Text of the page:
Tooth extraction refers to the complete removal of one or more teeth from the mouth. This is a procedure that is usually performed by a dental surgeon. Milk teeth may be removed from a child's mouth without intervention from the dentist as they loosen as a matter of course to give way to permanent teeth.
Reasons for tooth extraction
- Teeth affected by tooth decay or periodontal disease to the extent that they cannot be treated with a dental filling, crown or root canal work
- Injury or trauma that has led to a broken or damaged tooth that is beyond repair
- A dental or gum abscess that has weakened the root of the tooth
- Malocclusion or crowding of teeth
- Impaction of teeth (most commonly of the wisdom teeth) that has led to failure of the tooth to emerge form the gum
What is involved in tooth extraction?
Removal of the tooth or teeth may require one or more visits to the dentist. Some individuals may opt to have removed teeth replaced with an artificial tooth or denture. Usually, a detailed history of any dental disease, allergy, chronic medical conditions or regular use of medications is obtained before extraction. Some medications such as blood thinners (eg, aspirin or clopidogrel) need to be stopped at least a week to 10 days before the procedure as their presence in the blood may lead to severe bleeding afterwards.
A local anaesthetic agent such as lignocaine is injected near the tooth to numb the area of pain. The patient may be conscious and given a sedative to ease anxiety. Once the area around the tooth is numb, the dentist grips the tooth with instruments and gently rocks it from side to side until it loosens from the tooth socket and is ready to be removed. The person feels a slight tug on the tooth but there is not usually any pain. The whole process may take a few minutes.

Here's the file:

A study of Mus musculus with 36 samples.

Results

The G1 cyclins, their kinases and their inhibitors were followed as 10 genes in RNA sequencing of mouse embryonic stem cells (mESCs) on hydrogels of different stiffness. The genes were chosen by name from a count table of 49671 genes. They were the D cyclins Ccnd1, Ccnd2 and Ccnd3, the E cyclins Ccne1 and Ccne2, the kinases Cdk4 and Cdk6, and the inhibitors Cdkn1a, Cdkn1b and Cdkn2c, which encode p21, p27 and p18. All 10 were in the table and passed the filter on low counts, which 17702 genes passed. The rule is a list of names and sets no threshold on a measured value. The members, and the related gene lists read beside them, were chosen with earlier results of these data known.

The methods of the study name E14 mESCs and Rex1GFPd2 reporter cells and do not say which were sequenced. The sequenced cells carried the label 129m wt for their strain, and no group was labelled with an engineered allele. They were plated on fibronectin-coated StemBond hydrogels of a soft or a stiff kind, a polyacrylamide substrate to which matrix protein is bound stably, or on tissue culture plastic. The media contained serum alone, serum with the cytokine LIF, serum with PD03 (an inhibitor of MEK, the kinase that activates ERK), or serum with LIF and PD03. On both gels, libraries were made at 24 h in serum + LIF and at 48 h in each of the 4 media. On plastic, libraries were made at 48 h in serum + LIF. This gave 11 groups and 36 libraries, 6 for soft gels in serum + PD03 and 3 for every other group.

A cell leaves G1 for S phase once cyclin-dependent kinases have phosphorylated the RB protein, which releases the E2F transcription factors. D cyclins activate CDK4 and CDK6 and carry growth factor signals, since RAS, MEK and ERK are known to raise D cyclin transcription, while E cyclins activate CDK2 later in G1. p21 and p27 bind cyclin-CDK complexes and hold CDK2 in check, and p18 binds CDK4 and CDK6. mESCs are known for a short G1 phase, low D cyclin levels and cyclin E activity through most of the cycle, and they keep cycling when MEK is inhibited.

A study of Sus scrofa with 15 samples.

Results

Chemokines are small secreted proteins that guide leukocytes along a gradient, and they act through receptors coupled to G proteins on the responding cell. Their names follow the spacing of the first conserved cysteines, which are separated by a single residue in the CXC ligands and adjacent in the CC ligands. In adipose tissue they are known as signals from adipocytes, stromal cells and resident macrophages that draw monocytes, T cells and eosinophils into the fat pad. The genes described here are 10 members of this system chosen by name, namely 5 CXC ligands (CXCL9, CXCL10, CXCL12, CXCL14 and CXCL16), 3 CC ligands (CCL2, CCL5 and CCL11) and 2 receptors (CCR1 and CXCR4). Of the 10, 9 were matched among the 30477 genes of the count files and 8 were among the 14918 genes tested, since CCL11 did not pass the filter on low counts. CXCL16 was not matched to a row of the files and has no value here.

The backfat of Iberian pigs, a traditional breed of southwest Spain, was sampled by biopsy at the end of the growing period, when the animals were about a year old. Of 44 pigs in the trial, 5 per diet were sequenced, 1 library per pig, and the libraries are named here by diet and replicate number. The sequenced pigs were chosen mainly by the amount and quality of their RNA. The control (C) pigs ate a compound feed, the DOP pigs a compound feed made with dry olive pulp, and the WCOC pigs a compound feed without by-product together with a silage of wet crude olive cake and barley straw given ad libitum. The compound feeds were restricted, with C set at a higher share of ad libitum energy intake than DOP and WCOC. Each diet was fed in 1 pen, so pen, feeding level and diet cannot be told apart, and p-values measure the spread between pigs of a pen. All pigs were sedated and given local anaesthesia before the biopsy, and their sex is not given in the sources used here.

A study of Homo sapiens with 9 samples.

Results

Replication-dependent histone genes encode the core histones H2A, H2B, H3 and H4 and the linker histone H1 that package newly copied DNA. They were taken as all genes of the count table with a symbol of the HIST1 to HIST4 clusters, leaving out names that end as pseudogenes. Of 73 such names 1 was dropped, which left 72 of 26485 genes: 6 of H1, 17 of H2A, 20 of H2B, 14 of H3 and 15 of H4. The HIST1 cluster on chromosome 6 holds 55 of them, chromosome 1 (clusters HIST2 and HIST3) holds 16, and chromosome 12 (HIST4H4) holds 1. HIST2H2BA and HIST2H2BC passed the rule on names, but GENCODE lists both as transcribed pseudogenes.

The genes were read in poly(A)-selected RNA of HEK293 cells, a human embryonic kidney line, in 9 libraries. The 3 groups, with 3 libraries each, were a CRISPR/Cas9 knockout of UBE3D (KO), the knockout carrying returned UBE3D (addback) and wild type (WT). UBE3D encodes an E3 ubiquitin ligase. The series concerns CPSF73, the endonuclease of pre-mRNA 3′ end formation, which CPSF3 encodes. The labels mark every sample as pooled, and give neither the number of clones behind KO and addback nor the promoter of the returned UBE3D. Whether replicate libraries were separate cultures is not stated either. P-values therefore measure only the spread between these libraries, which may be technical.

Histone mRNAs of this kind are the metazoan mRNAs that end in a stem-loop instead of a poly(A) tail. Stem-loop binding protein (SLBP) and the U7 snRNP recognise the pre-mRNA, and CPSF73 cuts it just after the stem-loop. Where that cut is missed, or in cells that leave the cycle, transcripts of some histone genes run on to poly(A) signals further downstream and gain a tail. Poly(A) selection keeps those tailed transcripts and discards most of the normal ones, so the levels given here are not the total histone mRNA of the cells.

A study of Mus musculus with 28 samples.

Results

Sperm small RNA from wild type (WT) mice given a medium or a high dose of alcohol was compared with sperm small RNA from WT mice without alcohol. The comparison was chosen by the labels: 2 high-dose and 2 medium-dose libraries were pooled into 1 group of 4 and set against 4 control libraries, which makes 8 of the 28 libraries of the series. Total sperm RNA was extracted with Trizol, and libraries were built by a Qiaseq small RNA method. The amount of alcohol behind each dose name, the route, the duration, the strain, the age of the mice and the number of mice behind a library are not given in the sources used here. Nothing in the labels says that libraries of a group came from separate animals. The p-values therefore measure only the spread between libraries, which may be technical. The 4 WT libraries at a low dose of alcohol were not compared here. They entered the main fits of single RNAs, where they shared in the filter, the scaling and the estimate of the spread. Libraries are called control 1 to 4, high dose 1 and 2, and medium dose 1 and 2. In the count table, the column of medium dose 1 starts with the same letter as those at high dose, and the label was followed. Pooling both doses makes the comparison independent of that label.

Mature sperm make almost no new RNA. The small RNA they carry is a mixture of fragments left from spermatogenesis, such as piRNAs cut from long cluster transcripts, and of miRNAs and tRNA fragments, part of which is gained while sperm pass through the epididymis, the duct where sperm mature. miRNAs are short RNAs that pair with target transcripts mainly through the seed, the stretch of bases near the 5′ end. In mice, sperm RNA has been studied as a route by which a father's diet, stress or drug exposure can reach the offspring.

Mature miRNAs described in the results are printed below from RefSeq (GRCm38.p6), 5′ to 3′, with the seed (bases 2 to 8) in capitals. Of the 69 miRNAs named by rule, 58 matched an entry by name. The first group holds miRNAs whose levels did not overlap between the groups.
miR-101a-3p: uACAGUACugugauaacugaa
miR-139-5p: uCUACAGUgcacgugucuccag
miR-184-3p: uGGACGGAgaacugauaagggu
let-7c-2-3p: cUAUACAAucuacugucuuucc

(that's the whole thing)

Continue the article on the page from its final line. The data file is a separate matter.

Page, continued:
Once the tooth is removed, the gum may or may not require stitches to close the gap and the wound. Soft cotton padding is then given to the patient to bite into to prevent bleeding. Once home, a patient may take pain relief pills such as paracetamol or ibuprofen to numb any pain occurring as the effects of the local anaesthetic wears off. Antibiotics may be prescribed for some patients.
Before discharge, the patient is advised not to rinse their mouth for at least six hours, after which, warm water mixed with a pinch of salt may be used to rinse the mouth gently. Soft food may be eaten after bleeding stops. It takes around a week to recover completely and the area of wounded gum needs to be avoided by the tooth brush while brushing the teeth.
Risks of tooth extraction
The risks and disadvantages of tooth removal include:
- Jaw stiffness
- Infection of the wound
- Dry socket. This occurs when a blood clot that is supposed to form in the tooth socket to protect the bone and nerves underneath, becomes dislodged or dissolves, exposing the bone and nerves and causing severe pain and possibly infection. Immediate treatment is required.